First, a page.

Oregon Enters 2020 With Reloaded Pitching Staff
Jordan Dail became a workhorse for the Oregon Ducks last season. The left-handed Virginia Tech transfer ended up pitching over 70 percent of the team’s innings in 2019. That certainly didn’t seem like the plan for first-year head coach Melyssa Lombardi heading into the season. Nevertheless, it happened.
Lombardi was tasked with replacing the trio of Megan Kleist, Miranda Elish and Maggie Balint, who all transferred away from the program. She brought in Dail as well as Maddie MacGrandle from Texas A&M, but MacGrandle left the program midway through the season. Dail just kept pitching, and Lombardi even called upon position players Rachel Cid and Haley Cruse to get through a few frames.
This season, Lombardi has made sure to not put Dail in that position again. The former Oklahoma pitching guru added former UC Davis left-handed pitcher Brooke Yanez, the 2019 Big West Pitcher of the Year, and former New Mexico State right hander Samaria Diaz, the 2019 WAC Pitcher of the Year, to Oregon's 2020 pitching staff. Add in the Missouri Gatorade Player of the Year and Softball America’s 27th rated 2019 high school recruit, Makenna Kliethermes, and the Ducks are reloaded in the circle.
“Every year the journey is different,” Lombardi said. “Last year our pitching didn’t have this depth. To have the depth and the experience this year it makes you feel a little more comfortable. To basically have four starters it allows you to do different things during the season.”
Yanez, who finished second among qualified Division I pitchers in earned run average (1.03) last season, has a chance to become a household softball name in Eugene. After the season she had and two more years of eligibility, Yanez became one of the most attractive names in the transfer portal. Ultimately, she made her decision based primarily on one person.
“The main reason I chose Oregon was because of Coach Lombardi,” Yanez said. “The first time I had talked to her over the phone she was very welcoming. She laid down what she wanted in a player and what this program can do if I were to be a part of it. I knew if I were to go to her I would learn more, throw more and just be a better player overall.”
Diaz made quite the jump in her junior season at New Mexico State, as she posted a 2.10 ERA and a 16-9 record in 177 innings. But in her short time with Lombardi, she’s already making strides to improve upon those numbers.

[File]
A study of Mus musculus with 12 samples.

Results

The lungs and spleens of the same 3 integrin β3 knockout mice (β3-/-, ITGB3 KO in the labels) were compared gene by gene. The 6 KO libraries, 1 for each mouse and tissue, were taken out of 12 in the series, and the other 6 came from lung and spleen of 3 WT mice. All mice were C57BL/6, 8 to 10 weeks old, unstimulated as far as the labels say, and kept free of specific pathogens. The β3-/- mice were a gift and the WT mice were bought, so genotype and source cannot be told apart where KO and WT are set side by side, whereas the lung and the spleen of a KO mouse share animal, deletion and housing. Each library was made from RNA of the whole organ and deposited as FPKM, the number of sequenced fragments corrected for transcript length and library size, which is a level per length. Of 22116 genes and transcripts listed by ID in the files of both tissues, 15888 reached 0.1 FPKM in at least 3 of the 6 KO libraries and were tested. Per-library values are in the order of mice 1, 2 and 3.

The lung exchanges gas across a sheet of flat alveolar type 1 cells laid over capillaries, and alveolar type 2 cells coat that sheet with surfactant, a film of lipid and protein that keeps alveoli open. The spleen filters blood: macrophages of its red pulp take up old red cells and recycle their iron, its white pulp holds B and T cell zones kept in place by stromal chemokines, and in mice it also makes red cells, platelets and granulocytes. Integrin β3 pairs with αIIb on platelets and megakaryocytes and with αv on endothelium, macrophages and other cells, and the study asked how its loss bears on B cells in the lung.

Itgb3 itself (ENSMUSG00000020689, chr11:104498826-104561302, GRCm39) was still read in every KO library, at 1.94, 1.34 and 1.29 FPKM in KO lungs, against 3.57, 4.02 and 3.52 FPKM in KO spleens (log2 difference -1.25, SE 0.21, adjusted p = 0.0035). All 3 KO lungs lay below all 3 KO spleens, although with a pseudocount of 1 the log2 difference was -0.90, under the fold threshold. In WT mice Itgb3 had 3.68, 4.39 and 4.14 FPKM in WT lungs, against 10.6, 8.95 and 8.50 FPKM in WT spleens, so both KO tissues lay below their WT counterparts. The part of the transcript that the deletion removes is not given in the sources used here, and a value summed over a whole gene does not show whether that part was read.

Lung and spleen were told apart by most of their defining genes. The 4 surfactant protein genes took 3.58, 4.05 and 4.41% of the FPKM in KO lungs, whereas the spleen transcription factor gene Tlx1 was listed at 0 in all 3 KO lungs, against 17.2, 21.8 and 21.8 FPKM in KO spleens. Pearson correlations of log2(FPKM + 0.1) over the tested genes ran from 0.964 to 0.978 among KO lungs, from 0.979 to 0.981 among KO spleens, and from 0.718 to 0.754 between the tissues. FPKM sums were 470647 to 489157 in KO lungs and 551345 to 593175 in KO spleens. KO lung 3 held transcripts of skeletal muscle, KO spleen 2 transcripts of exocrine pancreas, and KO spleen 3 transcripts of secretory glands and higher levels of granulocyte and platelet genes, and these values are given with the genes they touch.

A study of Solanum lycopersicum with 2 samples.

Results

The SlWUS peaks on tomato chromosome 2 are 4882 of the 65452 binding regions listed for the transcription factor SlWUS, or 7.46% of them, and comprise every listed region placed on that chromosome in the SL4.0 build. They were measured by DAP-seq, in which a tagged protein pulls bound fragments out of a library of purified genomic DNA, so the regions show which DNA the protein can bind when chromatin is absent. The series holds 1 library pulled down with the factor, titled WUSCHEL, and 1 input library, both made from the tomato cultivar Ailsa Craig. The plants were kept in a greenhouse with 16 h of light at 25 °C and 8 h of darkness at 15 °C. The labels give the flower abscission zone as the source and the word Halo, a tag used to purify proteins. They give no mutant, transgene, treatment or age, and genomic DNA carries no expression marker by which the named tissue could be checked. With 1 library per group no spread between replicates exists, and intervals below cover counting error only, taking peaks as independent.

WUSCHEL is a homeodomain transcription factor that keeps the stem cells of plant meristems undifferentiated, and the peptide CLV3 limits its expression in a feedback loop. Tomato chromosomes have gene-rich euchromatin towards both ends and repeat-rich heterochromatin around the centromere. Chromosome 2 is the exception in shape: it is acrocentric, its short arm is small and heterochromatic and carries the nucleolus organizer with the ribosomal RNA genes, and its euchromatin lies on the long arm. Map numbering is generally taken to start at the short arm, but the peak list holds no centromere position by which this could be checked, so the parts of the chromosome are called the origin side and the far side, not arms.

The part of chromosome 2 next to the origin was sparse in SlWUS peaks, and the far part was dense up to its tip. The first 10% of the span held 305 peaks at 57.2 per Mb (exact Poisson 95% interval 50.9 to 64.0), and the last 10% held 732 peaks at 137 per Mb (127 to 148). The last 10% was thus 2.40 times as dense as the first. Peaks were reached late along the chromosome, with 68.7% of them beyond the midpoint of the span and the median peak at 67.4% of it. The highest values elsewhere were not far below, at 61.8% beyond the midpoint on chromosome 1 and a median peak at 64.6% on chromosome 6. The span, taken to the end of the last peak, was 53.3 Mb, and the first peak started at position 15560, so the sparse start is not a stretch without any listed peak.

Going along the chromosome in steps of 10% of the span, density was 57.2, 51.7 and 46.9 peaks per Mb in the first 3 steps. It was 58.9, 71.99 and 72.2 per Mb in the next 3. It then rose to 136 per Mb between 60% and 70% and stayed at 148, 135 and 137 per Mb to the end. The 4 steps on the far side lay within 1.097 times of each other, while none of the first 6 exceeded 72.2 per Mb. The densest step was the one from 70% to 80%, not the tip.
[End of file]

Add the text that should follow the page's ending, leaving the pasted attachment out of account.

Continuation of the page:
“She’s definitely taught me how to use my tools more. I’m a very tall pitcher (with) long arms, so I feel like she taught me some things to be more successful than before,” the 5-foot-10 Diaz said.
Lombardi split her four arms to each side, a pair of lefties and a pair of righties. Each has her own skillset, and in Lombardi's second season at the helm of the program, she is excited about the way each pitcher can feed off of one another.
“What I love is all four of them, including Makenna as well, they’re all so different that they give different looks,” Lombardi said. “Them as a group is going to force the opponent to have to prepare for all four. Last year the opponent could just prepare for Jordan for the most part, and that’s not the case this year. They’re going to have to do their homework on all four.
“If we’re going along in a game and one is throwing well and gets into a jam, and someone comes into relief, for me the opponent is going to have to start all over.”
Both Yanez and Diaz described themselves each as ultimate competitors, excited to face off against the best the Pac-12 has to offer. The goal to hit as few bumps as possible during the transition is helped by the guidance of Dail, who was in their shoes a season ago. She’s offered advice to Yanez and Diaz, even offering to catch them at times.
“She’s always providing help,” said Yanez about Dail. “Her demeanor has also really helped. The way she goes about things is really good. It’s a really good influence on me not being in the Pac-12 so far. For her to have that experience already, and for me to pick off from that, is really nice to have.”
The two transfers have also established a connection. Unlike most situations, Yanez and Diaz are roommates. A dynamic that’s accelerated the staff’s growth together, and they’ve made it clear there’s no competition between the two.
“Brooke has a great personality,” Diaz said. “We meshed really well coming in. It wasn’t a pitcher’s fight...Me and Brooke complement each other very well. We’re great friends outside of softball. It’s great because if you have a bad day at practice or something you come home and you have someone to pick you up.”
Oregon finished 22-30 last season after enduring tremendous player turnover. This season, the roster that includes Yanez and Diaz enters the season ranked 25th by Softball America and has plenty of hope to make some noise on the national scene.
“Generally, all of us want to make a statement for Oregon softball,” Yanez said. “Especially with Coach Lombardi being the new coach in her second year (and) with the things they went through last year, all of us, including myself, as a program want to make a statement that Oregon softball is still here.”